Nyree Williams began playing youth basketball when she was about 10 years old.
But it was not her idea.
"I had a friend who asked me to play. I did not want to. I was a swimmer," the Ellicott City native told Patch in a phone interview.
Williams worked her way up the youth ranks and eventually was a basketball standout at Howard High. As a junior she committed to attend Division I North Carolina of the high-powered Atlantic Coast Conference.
She graduated in 2009 from Howard after scoring more than 1,500 points and grabbing more than 1,000 rebounds as an all-Howard County player.
But after her freshman season with the Tar Heels in 2009-10, after scoring 17 points in 20 games, Williams decided to leave Chapel Hill. "It just did not work out for multiple reasons. It was just not the right fit for me," said Williams, who declined to elaborate. "It was hard to leave my team. It was a tough decision."
Williams, who attended Harper's Choice Middle School in Columbia, even considered not playing college basketball at all. But at the end of her freshman year at UNC she ran into Towson head women's coach Joe Mathews at a youth basketball tourney in North Carolina.
Mathews, the Towson coach since 2001, had recruited Williams when she was at Howard High and she always felt comfortable with his staff.
"I had my release papers (from UNC). He was the last coach I saw as I left the gym that night," said Williams, who added that it was fate she ran into Mathews.
So she decided to transfer to Towson, and after sitting out last season as per NCAA rules Williams has averaged a team-high 9.6 rebounds and 8.6 points per contest in her first 10 games (all starts) this season.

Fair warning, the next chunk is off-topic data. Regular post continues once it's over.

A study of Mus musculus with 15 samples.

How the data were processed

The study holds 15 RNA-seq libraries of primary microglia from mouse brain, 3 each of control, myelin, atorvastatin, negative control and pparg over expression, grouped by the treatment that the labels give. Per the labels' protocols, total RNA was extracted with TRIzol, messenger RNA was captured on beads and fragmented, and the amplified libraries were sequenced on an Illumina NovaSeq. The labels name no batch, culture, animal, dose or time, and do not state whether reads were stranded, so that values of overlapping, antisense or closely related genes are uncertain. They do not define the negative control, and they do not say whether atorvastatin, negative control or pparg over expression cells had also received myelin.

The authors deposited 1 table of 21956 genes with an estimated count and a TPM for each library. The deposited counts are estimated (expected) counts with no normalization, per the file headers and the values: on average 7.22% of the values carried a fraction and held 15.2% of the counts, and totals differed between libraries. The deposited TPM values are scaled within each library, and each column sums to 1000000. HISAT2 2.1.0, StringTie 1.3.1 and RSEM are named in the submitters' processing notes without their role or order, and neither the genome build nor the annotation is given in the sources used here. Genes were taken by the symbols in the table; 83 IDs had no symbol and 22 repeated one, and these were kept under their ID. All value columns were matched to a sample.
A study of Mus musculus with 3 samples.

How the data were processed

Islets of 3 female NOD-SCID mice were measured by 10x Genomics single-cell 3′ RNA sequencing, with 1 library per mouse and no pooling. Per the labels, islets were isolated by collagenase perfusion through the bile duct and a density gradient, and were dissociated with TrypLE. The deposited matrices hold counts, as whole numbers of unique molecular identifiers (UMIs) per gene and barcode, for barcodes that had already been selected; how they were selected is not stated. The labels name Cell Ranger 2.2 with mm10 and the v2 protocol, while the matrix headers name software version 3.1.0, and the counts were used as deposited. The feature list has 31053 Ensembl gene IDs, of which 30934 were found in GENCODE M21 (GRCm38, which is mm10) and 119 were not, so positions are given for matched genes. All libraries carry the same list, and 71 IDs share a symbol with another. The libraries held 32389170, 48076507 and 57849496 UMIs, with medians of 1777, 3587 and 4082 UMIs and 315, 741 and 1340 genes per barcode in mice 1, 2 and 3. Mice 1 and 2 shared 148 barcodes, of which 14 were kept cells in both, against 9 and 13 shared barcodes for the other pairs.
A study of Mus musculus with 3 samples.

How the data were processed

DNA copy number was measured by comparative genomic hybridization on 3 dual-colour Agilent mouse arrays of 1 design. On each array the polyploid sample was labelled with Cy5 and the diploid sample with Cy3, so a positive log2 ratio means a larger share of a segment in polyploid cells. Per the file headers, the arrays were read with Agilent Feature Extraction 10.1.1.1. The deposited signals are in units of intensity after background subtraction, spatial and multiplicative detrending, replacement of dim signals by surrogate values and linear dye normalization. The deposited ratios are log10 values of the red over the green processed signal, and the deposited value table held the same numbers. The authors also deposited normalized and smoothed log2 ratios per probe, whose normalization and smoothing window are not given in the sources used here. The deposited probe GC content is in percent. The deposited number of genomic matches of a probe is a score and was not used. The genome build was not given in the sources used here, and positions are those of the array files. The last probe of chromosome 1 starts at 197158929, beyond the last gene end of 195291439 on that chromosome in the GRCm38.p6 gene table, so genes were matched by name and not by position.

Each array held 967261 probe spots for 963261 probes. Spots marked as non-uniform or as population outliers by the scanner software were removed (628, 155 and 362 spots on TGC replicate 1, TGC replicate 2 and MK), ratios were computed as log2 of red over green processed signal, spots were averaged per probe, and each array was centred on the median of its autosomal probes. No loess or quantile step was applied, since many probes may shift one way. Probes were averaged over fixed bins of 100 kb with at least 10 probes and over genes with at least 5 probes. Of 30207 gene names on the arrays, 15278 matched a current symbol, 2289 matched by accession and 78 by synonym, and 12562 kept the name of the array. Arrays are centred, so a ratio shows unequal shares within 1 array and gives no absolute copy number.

The arrival of Williams at Towson could not have come at better time.
The Tigers, after going 9-21 last season, won eight of their first 10 games this season and knocked off James Madison, one of the top programs in the Colonial Athletic Association, in the league opener for both teams Dec. 4 at Towson.
Williams, a 6-foot-1 redshirt sophomore forward, had 14 rebounds and 11 points in the 65-58 win over JMU. "She did have a couple of baskets on the inside," said JMU head coach Kenny Brooks, who added Williams attended his summer camp when she was at Howard.
In a game against nationally-ranked ACC foe Maryland in November, she had eight points and nine rebounds in an 82-46 loss in College Park.
Williams, 20, is not one to play up her ACC credentials. She said students on campus, when they hear she on the basketball team, will tell her they have heard the team has a player from UNC on the roster - not knowing Williams is that player.
"I don’t want to talk about where I came from," she said matter-of-factly. "People on campus don’t know what school I went to because I don’t tell them. It is not about where I came from. I really don’t talk about it. To me, it is not relevant.”
The daughter of Raymond and Adonaca Barrett, Williams was a nursing major when she arrived at Towson. She planned to follow in the path of her mother, who is a nurse.
"I change my major every month," she said with a laugh. Now she plans to focus on psychology and perhaps combine that with nursing.
She also has two more years of eligibility to play basketball after this season, which she plans to fulfill.
"It worked out the best for me," she said of leaving UNC. "I have more responsibilities here and can be more of a leader."